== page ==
The United States has urged China, reclusive North Korea's lone major ally, to do more to rein in its neighbour's nuclear and missile programmes that have prompted an assertive response from the Trump administration, warning that the “era of strategic patience” is over.
The United States has sent a nuclear-powered aircraft carrier to Korean waters and a pair of strategic US bombers flew training drills with the South Korean and Japanese air forces in another show of strength this week.
Chinese Foreign Ministry spokesman Geng Shuang, asked about the bomber flights, the drills and North Korea's response, stressed that the situation was “highly complex” and sensitive.
“The urgent task is to lower temperatures and resume talks,” he told reporters.
“We again urge all relevant parties to remain calm and exercise restraint, stop irritating each other, work hard to create an atmosphere for contact and dialogue between all sides, and seek a return to the correct path of dialogue and negotiation as soon as possible.”
The flight of the two bombers came as US President Donald Trump raised eyebrows when he said he would be “honoured” to meet North Korean leader Kim Jong-un in the right circumstances, and as his CIA director landed in South Korea for talks.
North Korea said the bombers conducted “a nuclear bomb dropping drill against major objects” in its territory at a time when Trump and “other US warmongers are crying out for making a preemptive nuclear strike” on the North.
“The reckless military provocation is pushing the situation on the Korean peninsula closer to the brink of nuclear war,” the North's official KCNA news agency said on Tuesday.
Tension on the Korean peninsula has been high for weeks, driven by concern that the North might conduct its sixth nuclear test in defiance of UN Security Council resolutions.
The US military's THAAD anti-missile defence system has reached initial operational capacity in South Korea, US. officials told Reuters, although they cautioned that it would not be fully operational for some months.
China has repeatedly expressed its opposition to the system, whose powerful radar it fears could reach inside Chinese territory, just as Trump has praised Chinese President Xi Jinping for his efforts to rein in North Korea.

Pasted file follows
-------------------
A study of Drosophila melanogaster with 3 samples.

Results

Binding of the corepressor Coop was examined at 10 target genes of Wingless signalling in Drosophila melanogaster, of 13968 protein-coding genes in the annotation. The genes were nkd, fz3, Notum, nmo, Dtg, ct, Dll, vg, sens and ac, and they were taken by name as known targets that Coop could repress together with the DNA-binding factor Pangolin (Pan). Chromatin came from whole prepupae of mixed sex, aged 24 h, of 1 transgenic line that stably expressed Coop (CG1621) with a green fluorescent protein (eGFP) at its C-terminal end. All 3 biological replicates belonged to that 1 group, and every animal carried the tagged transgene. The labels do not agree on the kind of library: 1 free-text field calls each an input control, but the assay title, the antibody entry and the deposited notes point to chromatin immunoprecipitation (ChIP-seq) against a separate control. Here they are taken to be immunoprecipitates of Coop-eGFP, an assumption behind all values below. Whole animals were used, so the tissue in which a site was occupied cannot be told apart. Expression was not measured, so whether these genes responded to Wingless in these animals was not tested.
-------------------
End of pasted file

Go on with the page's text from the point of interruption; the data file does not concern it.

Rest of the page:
It was widely feared North Korea could conduct a nuclear test on or around 15 April to celebrate the anniversary of the birth of the North's founding leader, Kim Il Sung, or on 25 April, the 85th anniversary of the foundation of its Korean People's Army.
The North has conducted such tests or missile launches to mark significant events in the past.
Instead, North Korea held a big military parade featuring a display of missiles on 15 April and then a large, live-fire artillery drill 10 days later.
Trump drew criticism in Washington on Monday when he said he would be “honoured” to meet North Korea's young leader.
“If it would be appropriate for me to meet with him, I would absolutely, I would be honoured to do it,” Trump told Bloomberg News.
Trump did not say what conditions would be needed for such a meeting to occur or when it could happen.
“Clearly conditions are not there right now,” White House spokesman Sean Spicer said.
Trump warned in an interview with Reuters on Thursday that a “major, major conflict” with North Korea was possible, while China said last week the situation on the Korean peninsula could escalate or slip out of control.
North Korea test-launched a missile on Saturday that appeared to have failed within minutes, its fourth successive failed launch since March. It has conducted two nuclear tests and a series of missile-related activities at an unprecedented pace since the beginning of last year.
The North is technically still at war with the South after their 1950-53 conflict ended in a truce, not a treaty, and it regularly threatens to destroy the United States, Japan and South Korea.
North Korea said on Wednesday an American man it had detained in late April, the third US citizen being held by the isolated country, was intercepted because he was attempting to commit “hostile acts”.
North Korea, which has been criticised for its human rights record, has in the past used detained Americans to extract high-profile visits from the United States, with which it has no formal diplomatic relations.
Trump and Russian President Vladimir Putin on Tuesday meanwhile spoke by telephone about Syria and “about how best to resolve the very dangerous situation in North Korea”, the White House said.